Friday, June 25, 2010

DNA Updates

It looks as though Bill McCown, who is descended from William McCown, Rebel Scottish prisoner, deported from England to Port Oxford, Maryland in 1747/48, is about to sign up for the Y-DNA 67 marker test. This should be very interesting for Scottish McCowns or even Irish McCowns.

Also, a test kit for the 37 marker test is on it's way to Bob McKown. Bob believes that his family
immigrated from Antrim. In my opinion, that may indicate that he has DNA in common with Francis and John McCown and also with Alexander McCown and his six sons of Pennsylvania.

Also, Robert Maguire has just upgraded his order to 67 markers as well. His family is from Tempo, Fermanagh where one of his ancestor's was a tailor.

All of these men will be encouraged to join the FTDNA Ulster Heritage Group of some 1,500 members.
If you, the reader, expect to take either the 37 or 67 marker Y-DNA test, do it now while prices are at an all time low, but be sure to do it through a surname group to get the best price.

Friday, June 4, 2010

A New Cousin in the Lawrence McCown Line

My brother, Dick, found him as a result of a search using Bing under the search term "Lawrence McCown". This cousin is named Clark McCown and is descended from Lawrence McCown's third son,
Leander. We now have descendants of three of the four sons of Lawrence McCown and the fourth and last son died without issue as far as we know.

His family moved from Kentucky to Louisiana many years ago. He is being urged to take the Y-DNA
test to confirm that he matches cousin Sam (descended from 2nd son Eli) and me. A tip of the hat is due to Leonard McCown, administrator of the McCown Surname Group because he thought that we would be his most likely match.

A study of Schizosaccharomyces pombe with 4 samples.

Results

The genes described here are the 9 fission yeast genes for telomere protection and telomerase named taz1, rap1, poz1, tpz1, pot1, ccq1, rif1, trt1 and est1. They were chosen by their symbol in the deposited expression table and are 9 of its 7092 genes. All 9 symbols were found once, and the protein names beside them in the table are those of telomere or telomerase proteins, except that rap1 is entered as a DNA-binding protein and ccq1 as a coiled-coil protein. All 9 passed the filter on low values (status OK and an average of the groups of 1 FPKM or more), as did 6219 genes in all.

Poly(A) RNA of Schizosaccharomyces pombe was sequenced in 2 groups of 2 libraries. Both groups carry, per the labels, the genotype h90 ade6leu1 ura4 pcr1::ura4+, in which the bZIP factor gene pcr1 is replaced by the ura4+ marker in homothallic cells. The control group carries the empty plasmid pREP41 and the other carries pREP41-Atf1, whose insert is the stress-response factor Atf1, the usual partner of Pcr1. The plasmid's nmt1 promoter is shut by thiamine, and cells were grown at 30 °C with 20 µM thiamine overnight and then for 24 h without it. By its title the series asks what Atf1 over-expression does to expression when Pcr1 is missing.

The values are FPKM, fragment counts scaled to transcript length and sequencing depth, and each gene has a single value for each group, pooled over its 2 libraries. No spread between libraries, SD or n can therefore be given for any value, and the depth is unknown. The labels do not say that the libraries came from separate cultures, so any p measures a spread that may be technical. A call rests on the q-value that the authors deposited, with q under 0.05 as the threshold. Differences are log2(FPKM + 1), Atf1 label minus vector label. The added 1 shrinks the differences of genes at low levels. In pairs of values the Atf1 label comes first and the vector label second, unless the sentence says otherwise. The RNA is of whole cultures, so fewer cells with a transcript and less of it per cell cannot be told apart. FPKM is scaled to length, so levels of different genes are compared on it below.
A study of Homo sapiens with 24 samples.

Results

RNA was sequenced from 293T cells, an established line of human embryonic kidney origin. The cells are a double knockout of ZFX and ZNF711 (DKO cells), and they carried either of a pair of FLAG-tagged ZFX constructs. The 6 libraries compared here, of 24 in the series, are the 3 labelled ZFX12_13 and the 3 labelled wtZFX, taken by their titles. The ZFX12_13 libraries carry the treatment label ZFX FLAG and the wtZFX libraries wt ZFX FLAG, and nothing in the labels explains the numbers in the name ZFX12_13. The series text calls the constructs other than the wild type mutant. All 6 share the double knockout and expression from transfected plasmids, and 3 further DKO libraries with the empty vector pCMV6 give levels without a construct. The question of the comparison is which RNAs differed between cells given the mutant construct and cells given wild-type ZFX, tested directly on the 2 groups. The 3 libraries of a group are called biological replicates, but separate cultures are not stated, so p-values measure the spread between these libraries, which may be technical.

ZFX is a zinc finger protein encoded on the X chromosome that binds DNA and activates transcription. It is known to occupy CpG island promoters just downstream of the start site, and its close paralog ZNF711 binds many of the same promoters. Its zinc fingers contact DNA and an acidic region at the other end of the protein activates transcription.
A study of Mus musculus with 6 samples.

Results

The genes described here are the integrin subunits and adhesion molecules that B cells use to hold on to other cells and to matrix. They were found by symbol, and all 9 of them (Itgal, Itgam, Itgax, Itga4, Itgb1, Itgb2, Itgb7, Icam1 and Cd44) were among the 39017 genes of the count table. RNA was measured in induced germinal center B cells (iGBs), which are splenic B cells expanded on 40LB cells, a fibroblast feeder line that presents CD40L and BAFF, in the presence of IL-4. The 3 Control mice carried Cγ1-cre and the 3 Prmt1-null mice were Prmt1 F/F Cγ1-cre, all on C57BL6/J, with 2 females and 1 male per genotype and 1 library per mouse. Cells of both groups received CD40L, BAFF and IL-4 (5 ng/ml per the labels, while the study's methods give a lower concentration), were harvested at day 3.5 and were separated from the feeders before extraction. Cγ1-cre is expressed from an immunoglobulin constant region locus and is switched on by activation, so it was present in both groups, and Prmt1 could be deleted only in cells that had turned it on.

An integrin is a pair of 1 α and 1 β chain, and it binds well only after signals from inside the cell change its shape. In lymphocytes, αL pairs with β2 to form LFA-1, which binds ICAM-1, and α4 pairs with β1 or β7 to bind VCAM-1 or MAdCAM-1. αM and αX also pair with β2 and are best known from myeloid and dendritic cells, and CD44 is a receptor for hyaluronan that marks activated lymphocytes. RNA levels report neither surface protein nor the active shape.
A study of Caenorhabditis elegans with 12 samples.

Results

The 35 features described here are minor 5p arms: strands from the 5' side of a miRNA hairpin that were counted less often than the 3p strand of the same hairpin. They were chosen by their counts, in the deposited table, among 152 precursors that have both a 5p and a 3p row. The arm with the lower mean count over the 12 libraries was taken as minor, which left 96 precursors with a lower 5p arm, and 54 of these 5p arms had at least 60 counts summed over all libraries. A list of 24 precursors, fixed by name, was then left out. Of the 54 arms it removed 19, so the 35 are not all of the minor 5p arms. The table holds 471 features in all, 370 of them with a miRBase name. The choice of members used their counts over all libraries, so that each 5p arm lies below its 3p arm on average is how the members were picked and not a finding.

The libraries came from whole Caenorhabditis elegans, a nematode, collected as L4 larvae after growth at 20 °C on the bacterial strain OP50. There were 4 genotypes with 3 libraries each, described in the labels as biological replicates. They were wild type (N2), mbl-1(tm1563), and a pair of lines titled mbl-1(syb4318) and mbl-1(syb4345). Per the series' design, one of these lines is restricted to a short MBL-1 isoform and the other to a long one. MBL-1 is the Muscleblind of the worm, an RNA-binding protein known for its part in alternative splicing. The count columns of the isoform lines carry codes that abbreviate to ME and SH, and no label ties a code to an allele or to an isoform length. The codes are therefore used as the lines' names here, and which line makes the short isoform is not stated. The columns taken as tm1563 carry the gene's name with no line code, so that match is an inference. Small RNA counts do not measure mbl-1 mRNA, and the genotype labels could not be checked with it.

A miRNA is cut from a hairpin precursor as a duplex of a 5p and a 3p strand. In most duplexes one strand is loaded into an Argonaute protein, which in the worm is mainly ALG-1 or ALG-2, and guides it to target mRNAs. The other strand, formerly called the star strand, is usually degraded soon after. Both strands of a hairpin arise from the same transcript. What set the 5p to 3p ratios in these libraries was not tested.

Even though we likely all descend from the same common ancestor, born somewhere in South Carolina ca 1790-92, sometimes distant cousins can shed new light on the family via DNA mutations. That
was true of Sam's results because he has a mutation that is common to only one of two lines of MacAuley Maguires out of the entire Maguire Clan. Perhaps Clark's results will also turn up an interesting mutation that is of genealogical value as well. As you can see, I have recovered from
my last post in good order.

Tuesday, June 1, 2010

No Takers

Having wasted several posts to this blog on the Family Finder Test and finding no evidence of
interest, I assume that everyone who reads this blog already knows everything they want to know about their own families. If so, they are much more fortunate than I, because I know full well who my great great grandfather was based on his answers to census reports and a record of his marriage in January 1815 and records as to the birth of his first two sons, one in December 1815 and one in 1818 and the birth and death dates of his other sons.

Still, we do not have a clue as to the identity of his father or mother. To get that information is the reason I took the FTDNA Y-DNA test to 67 markers, and the deep subclade test to R1b1b2a1b5 and continue to flog this blog. I am as completely in the dark as to my earliest known ancestor's father's name as I was before loading all that treasure on DNA labs. I belong to way too many FTDNA Surname Groups just to be able to find all of my matches since only one is in the McCown Surname Group and he is a known cousin.

I think it might be just as productive to fill my mouth with rocks and shout at the ocean or just wait until one of you readers enlighten me as to the identity of my earliest known ancestor's father. Please start now.